Wednesday, November 3, 2010

Today I’m going to talk about craft, specifically the first part in a series on how to write a novel.

A common rookie mistake is to just “start writing and see where it goes” I myself am guilty of this novice move, as are probably every other author you’ve ever read. (If you haven't read any of my books yet, maybe start?). It’s a common misconception, but you will invariably end up writing yourself into a corner, or just loosing the plot all together.

Most of us, when we sit down to write, at least have an idea of where the story is going. You have a destination in mind, but are unsure about exactly how to get there, so you just start writing and hope to find your way.

This is guaranteed recipe to get yourself lost.

The journey is important, but trying to make it in this manner will fail. You may actually succeed in writing a novel, but probably not a good one. Maybe if you are working full-time on the project, with nothing to distract you, this approach can work, but since most of us are writing from in our spare time, we need to plan.

Having nurtured a lot of young writers over the years, I know most of my readers will cringe when I say this next word, so I’m going to get it out of the way as quickly as possible: outline. Go ahead, cringe a bit, you know you want to.

Ok, cringe-time is over.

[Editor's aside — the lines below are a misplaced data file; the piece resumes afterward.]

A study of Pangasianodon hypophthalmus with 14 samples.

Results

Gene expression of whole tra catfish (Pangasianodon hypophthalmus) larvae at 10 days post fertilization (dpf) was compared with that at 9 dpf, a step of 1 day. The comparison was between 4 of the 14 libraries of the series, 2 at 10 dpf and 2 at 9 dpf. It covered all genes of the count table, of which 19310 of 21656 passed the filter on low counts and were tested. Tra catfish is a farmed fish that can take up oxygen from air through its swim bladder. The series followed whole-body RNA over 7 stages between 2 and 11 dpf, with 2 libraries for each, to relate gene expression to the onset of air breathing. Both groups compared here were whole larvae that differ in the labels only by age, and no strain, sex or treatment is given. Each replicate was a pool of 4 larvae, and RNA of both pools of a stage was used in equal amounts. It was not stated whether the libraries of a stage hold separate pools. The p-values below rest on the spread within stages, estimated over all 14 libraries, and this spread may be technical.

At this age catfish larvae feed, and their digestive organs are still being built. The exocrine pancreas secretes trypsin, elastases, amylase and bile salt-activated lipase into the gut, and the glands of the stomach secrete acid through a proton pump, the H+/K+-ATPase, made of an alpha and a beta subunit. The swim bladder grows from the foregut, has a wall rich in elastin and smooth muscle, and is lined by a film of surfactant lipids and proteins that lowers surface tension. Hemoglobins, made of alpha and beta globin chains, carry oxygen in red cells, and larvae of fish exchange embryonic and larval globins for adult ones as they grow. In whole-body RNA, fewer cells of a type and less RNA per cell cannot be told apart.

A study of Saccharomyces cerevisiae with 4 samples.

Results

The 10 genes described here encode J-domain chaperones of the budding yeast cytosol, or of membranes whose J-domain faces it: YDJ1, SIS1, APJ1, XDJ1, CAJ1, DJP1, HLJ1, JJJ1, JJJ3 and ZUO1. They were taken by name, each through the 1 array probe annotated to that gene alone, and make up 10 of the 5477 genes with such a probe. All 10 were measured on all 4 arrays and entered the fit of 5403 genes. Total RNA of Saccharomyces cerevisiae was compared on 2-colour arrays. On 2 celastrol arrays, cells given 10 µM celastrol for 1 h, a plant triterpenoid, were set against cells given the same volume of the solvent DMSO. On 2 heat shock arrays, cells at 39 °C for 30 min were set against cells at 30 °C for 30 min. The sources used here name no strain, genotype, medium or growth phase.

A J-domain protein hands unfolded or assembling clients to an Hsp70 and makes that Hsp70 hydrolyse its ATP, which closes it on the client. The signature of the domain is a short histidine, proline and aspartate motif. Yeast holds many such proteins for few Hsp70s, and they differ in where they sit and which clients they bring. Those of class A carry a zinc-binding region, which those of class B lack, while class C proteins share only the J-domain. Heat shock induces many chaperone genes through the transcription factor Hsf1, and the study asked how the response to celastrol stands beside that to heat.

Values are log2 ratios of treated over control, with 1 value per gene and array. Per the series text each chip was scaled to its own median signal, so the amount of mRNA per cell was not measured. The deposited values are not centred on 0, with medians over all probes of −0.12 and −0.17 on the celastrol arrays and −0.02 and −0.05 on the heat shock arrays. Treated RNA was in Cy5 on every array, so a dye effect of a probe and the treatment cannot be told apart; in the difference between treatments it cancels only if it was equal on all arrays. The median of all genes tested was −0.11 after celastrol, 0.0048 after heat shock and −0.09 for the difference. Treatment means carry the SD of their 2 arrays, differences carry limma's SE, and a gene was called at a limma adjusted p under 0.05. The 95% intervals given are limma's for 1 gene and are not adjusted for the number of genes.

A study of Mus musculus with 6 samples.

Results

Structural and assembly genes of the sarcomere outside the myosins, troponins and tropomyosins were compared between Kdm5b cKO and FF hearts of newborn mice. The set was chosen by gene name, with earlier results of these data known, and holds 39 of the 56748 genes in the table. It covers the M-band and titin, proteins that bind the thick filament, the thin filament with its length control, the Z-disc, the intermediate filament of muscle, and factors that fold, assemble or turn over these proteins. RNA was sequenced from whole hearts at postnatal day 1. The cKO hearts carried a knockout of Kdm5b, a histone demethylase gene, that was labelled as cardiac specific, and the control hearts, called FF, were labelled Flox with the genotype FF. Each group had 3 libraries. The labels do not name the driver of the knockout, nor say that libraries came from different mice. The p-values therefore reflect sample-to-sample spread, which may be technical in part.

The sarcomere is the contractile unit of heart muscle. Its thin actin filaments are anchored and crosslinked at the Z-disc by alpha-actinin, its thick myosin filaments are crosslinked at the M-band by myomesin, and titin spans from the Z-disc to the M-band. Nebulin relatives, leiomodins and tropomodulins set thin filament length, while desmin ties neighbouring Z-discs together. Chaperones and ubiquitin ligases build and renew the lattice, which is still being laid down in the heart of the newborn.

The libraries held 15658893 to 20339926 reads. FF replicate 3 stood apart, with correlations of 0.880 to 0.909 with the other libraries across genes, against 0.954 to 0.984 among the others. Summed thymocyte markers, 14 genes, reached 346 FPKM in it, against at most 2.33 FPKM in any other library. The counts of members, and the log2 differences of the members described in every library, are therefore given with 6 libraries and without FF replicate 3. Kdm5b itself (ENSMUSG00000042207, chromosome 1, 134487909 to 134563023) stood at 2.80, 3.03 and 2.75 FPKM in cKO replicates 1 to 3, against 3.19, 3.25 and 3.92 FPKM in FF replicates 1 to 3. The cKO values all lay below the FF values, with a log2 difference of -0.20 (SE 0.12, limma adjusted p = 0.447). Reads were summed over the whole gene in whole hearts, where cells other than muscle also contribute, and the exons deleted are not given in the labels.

Much like building a structure requires blueprints, writing a novel requires planning. A blueprint can be as simple as a few lines scratched onto a page. An outline can be as uncomplicated as a short list of the events of the story in the order they are meant to appear. Even if you haven’t figured everything out yet, just dump what you have onto the page, and fill in the blanks with “Stuff happens here.” Having that simple list can make the whole process so much less painful. And, most importantly: easier to come back to.

We all shelve projects occasionally. I, for one, am typically working on 3 or 4 different books and up to a dozen short stories at any given time. Not all at once, mind you, but I will constantly have a wide range of projects going, and switch between them on a daily, or even hourly basis. By producing simple outlines for each project, I can come back to it, months, or even years down the road. Author of the Gust spent 2 years on the proverbial shelf, half finished, but I was easily able to come back to it because I had a good outline.

And just because you create an outline does not make it carved in stone. It’s just a set of suggestions, a few notes about what should happen in the story. Deviate from it all you like, your wrote it. I often look back at some of my outlines and laugh at how different they are than the final story.

Outlining is just one part of planning; next, we’ll tackle character creation.